After an amazing year in Australia, my boyfriend and I have returned to our beloved cold home country and have managed to convince his cousin and her girlfriend to come with us for a year or two – well, I say ‘convinced’ it surprisingly didn’t take that much convincing, they were eager to come explore with us.
But since they were so kind and giving to us while we were there, I thought it was only fair to offer them (and everyone else wanting to come to the UK), some tips on how to get the most out of our little country.
- Don’t just opt for London.
Probably the most vital piece of advice I can give to anyone who wants to come and experience the UK, you’re not going to find a truly authentic British feel in our capital. Obviously be sure to visit there, it definitely has a lot to offer from the Palace, endless museums and year round Broadway shows, but it’s not where I would go if I wanted some traditional home comforts.
I may be a little biased being a northern girl, but definitely come up here to experience true British friendliness, amazing views and delicious foods. You’ll never find a better pie or kinder folk than in Yorkshire, and that’s what Britain is all about; pie and friendliness.
Photo by George Alexander Ishida Newman
2. Actually, don’t even just opt for the UK.
We’re so so close to so many other places, you should really take advantage of that fact. If you’ve ever wanted to explore Europe, now is the time to do so and you’re never going to be able to do it as easily or as affordably. For example, a group of us are all going to Amsterdam in February for just £150 each – something that is baffling to my Aussie friends. To be honest with you, even us Brits don’t take advantage of this enough.
My advice -especially to those here for a year or so – would be to definitely use us as a base, explore as much of our islands as you can, but don’t forget to optimise your location. It’s so easy and cheap to go away for long weekends while you work and longer breaks for summer holidays. You definitely don’t need to break your bank account to see more of Europe while you’re here.
3. If possible, try to ease yourself into cold weather before heading over.
I know that this one can be a pretty tough request if you’re from somewhere like Brisbane who believe 20 degrees is cold, but if you can stop buy somewhere a bit chillier or aim to come over in your winter or our summer and you’ll probably avoid a large chunk of the weather shock. Sam and Emily came over at the end of October, just as we start getting really cold (but nowhere near as cold as January and February), and they are really struggling to adapt – no matter how many layers they wear.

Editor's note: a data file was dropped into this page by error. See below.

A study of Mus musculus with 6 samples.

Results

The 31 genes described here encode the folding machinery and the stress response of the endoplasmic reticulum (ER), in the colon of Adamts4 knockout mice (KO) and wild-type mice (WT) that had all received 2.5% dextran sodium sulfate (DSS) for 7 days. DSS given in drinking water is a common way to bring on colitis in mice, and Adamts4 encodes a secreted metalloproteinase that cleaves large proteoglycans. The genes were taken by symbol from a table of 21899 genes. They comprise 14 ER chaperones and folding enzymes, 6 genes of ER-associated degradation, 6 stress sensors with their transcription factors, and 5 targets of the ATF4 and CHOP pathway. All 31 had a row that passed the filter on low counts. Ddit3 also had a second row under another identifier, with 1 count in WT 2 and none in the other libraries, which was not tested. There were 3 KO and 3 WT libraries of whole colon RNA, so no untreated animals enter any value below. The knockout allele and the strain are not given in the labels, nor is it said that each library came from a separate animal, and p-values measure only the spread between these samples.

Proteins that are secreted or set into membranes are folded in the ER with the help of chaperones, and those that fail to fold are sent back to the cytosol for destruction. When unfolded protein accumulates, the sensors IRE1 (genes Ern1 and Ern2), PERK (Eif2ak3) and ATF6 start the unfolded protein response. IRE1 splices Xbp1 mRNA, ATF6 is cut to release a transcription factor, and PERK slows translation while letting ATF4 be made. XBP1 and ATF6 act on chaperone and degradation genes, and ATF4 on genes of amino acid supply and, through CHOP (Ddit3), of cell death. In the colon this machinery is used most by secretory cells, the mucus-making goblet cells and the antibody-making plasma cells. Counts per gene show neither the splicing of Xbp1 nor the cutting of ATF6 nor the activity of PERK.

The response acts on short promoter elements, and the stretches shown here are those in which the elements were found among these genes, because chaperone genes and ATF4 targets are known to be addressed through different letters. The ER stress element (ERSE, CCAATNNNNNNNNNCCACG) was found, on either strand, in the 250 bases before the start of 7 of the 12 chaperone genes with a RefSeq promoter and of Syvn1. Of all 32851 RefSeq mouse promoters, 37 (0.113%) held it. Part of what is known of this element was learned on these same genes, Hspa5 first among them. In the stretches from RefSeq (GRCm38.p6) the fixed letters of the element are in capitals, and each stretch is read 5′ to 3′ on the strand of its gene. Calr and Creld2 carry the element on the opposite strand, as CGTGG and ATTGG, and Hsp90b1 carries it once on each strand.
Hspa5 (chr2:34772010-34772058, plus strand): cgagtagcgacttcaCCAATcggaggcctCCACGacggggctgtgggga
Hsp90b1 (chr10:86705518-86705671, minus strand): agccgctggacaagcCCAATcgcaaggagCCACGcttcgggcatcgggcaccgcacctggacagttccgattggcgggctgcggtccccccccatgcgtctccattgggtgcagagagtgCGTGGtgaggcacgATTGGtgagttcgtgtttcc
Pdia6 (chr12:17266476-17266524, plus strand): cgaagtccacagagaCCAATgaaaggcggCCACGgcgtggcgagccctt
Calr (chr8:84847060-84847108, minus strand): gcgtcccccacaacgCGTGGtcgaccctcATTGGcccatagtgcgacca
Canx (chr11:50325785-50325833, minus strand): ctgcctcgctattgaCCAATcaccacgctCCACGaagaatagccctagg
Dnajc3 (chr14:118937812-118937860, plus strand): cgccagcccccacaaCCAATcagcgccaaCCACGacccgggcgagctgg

photo credit: comedy central
4. Try to get an idea of what you want to do during your visit.
We might be a tiny place but we have so much to offer, it’s best to not leave it too late and panic because you don’t have time to fit it all in before you go. And definitely don’t try to nail things down to particular days seeing as our weather is about as predictable as a cat (I’m sorry, but you never know what those little things are thinking). Just have an idea of what you want to do and wake up with the intentions of ticking something off that list, but choose which one at the last minute whenever possible.
5. We like to eat and drink, a lot.
Pretty much everything you will do will involve food or drink in some way. Whether it’s celebrating Bonfire Night with us, you’ll need some toffee apples to really complete that tradition, or heading to York to some traditional tearooms, you won’t be able to avoid the cake and scones that will surround you.
photo credit: Connie Ma
6. Be sure to keep an eye on your favourite artists and bands.
Especially if they’re from here or the states. I know Aussies get one concert date per big city for most english and american artists, but that’s just so not the case here. Plus, if you can’t make it to one city for a concert, it’s about 45 minutes drive to the next one, so take advantage. Not only that but the prices are about a quarter to what you’re probably used to.
7. If you’re from somewhere that drives on the right, please note we also walk on the left-hand side.
Whether it’s walking down the street, on an escalator or down a supermarket aisle, we keep to the left. To be honest, I didn’t even notice that we did it so much until somebody pointed it out to me, it’s just second nature really. And if you don’t abide by these rules, be prepared to be ‘tutted’ at, very loudly.